The Morning Call
Ship crews weigh COVID-19 trauma while mulling return
Princess Cruises crew member Gan Sungaralingum has spent the last two months taking care of his elderly parents, eating home-cooked meals, and doing what he loves most: walking on the beach near his home in Mauritius. But instead of returning to his position as an onboard watch salesman after a few months of rest at home, he’s leaving the industry.
“Maybe I’ll come back as a passenger, but not as a crew,” he said. He’s been a crew member with several cruise lines since 2014.
Sungaralingum is part of a growing number of cruise ship workers who say they will not be returning to their posts when cruises resume. Thousands, like Sungaralingum, suffered several months stranded at sea without pay after the industry shut down in mid-March amid COVID-19 outbreaks on several ships.
The virus hit crew members particularly hard as cruise companies struggled to contain outbreaks even long after passengers departed. At least 1,779 crew members contracted COVID-19 and at least 29 died from the virus, according to a Miami Herald investigation.
Sungaralingum was at sea for more than 51⁄ months; more
2 than two dozen crew members from other companies are still waiting to go home. Travel restrictions from the U.S. Centers for Disease Control and Prevention and various international governments complicated efforts to repatriate crew members, making it both expensive and challenging.
In the Caribbean, many islands required company-sponsored land quarantines for crew
members before they could return home to their families. Mauritius required the same, and only allowed for a few hundred workers to return home each month.
Roger Frizell, a spokesperson for Carnival Corporation, said the company has repatriated every crew member who wanted to return home. Jonathon Fishman, a spokesperson for Royal Caribbean Group, said that 30 crew members from Vietnam and Trinidad and Tobago are still waiting to go home. Spokespeople for Norwegian Cruise Line Holdings and MSC Cruises did not respond to requests for comment about the number of crew on their ships still waiting to go home.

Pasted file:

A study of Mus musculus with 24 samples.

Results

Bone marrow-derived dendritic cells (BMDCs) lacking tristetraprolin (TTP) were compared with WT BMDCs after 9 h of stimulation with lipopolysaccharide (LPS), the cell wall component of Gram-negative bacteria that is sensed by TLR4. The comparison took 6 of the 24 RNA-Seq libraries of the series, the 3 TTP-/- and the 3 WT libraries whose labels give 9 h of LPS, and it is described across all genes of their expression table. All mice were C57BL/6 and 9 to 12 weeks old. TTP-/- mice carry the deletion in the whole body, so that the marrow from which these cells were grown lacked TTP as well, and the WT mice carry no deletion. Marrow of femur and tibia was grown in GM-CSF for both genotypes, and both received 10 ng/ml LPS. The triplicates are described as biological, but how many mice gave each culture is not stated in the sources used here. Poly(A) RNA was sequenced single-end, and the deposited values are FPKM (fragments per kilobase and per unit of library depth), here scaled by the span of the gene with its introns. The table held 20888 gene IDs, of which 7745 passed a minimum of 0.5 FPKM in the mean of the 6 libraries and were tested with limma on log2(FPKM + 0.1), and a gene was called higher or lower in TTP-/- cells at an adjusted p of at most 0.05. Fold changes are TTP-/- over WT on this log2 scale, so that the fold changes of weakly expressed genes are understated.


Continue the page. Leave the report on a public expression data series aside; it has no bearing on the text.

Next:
Some at sea for more than a year have described extreme distress, including suicidal thoughts.
“It’s too much, one year is too much,” said one crew member who requested anonymity for fear of retaliation. “It’s very disappointing to see how they think about the business, and they don’t think about the people
who haven’t gone home.”
Other long-trapped crew members said they too felt traumatized and wonder whether they should return to work at sea.
“After this experience, I doubt it,” a Celebrity Cruises crew member from the Dominican Republic recently told the Miami Herald, requesting anonymity for fear of retaliation from the company. “It was a traumatic experience being on the ship for so long, locked in a cabin and not knowing when you would leave the ship.”
For others, the decision is more complicated. With the virus still surging in many parts of the world, unemployment remains high, and cruise ships, once they’re operating again, offer a rare chance at a stable job.
Companies have canceled U.S. cruises until at least Jan. 1 as they prepare to protect passengers and crew from the virus. The CDC lifted its cruise ban this month but put in its place a new requirements companies will have to meet before they can welcome passengers again.